Shatter condemns 'bullyboy' posters in anti-abortion row
Published 13/12/2012 | 05:00
JUSTICE Minister Alan Shatter has condemned the publication of "obscene" anti-abortion posters that targeted him personally in his South Dublin constituency.
Posters containing bloodied photographs and the slogan "Every Child Matters Except to Alan Shatter" – with the words "Stop Abortion" underneath – were placed adjacent to a creche as well as the upmarket Wesley College School.
In a statement, Mr Shatter said that those responsible for the posters, which he described as untruthful and illegal, showed a "lack of humanity, insight and compassion".
"It is regrettable that a minority of individuals are now reverting to the insensitive and disgraceful tactics deployed by the fundamentalist bullyboys who targeted both me and others in the early 1980s when, in advance of the 1983 referendum, I predicted many of the difficulties that have arisen as a result of the incorporation of Article 40.3.3 into our Constitution," said Mr Shatter in a statement.
Mr Shatter has become the most high-profile target of personal attacks on those contributing to the abortion debate ahead of Government plans to implement the decision of the European Court of Human Rights in the A, B and C abortion case.
The attacks also follow widespread public debate about Ireland's legal stance of abortion following the death of Indian mother-to-be Savita Halappanavar.
Earlier this month, one of RTE's freelance producers, Pat O'Mahony, labelled Irish Independent columnist David Quinn "a poisonous c**t" on his Twitter page. Mr O'Mahony later apologised to Mr Quinn, who described the tweet as "shocking and unprofessional".
Seamus Dooley, Irish Secretary of the National Union of Journalists, condemned the personal attacks on Mr Shatter.
Mr Dooley also criticised the compilation of a list of alleged pro-choice journalists compiled by public relations consultant and former Libertas communications director John McGuirk.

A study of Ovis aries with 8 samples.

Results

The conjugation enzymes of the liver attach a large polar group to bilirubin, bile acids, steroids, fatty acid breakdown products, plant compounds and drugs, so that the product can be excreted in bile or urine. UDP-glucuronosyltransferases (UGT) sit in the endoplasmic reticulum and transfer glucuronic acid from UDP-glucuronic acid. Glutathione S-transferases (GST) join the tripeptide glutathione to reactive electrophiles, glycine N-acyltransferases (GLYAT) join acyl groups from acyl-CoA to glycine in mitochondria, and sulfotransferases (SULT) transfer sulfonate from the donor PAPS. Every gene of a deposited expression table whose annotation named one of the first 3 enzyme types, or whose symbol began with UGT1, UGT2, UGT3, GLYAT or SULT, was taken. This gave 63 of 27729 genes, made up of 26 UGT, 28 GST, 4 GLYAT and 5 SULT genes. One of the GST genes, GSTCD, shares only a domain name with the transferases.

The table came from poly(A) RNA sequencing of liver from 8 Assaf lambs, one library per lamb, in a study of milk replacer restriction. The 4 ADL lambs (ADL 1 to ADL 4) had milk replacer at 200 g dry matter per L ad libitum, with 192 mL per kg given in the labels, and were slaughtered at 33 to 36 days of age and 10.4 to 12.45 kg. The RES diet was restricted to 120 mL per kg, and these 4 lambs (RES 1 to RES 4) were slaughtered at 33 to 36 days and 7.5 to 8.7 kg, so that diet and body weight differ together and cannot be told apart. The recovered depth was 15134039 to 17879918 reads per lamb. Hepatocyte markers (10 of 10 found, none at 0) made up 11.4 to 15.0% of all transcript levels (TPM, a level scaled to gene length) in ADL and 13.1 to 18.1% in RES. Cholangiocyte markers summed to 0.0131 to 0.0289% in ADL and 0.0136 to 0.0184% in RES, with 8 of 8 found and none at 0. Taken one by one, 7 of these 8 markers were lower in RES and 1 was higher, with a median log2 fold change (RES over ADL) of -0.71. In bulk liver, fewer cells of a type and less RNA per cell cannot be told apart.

"I thought we had gone long past the stage of compiling lists of people based on their social and religious belief or non belief," said Mr Dooley.
Mr Dooley said that it is vital that all arguments are respected, adding that no side in the abortion debate has "a monopoly on intolerance".
Mr McGuirk, who will not publish the list but has supplied it to both RTE and the 'Irish Times', said that the list was not intended to intimidate individuals.
"The preponderance of opinion in news journalism is by and large pro choice," said Mr McGuirk, who claimed that this tended to lend itself in news coverage of the controversial issue.
The list of 37 journalists and producers who Mr McGuirk claimed tweeted they were taking part in a pro-choice march, or calling for support for it was cited by 'Irish Times' columnist Breda O'Brien, a patron of the Iona institute.
In her latest column, Ms O'Brien referred to Mr McGuirk's list and stated that it included "some names associated with RTE".
But last Tuesday a clarification was issued by the 'Irish Times' after RTE pointed out that only one staff producer from the broadcaster was on the list and one freelancer who contributes to RTE.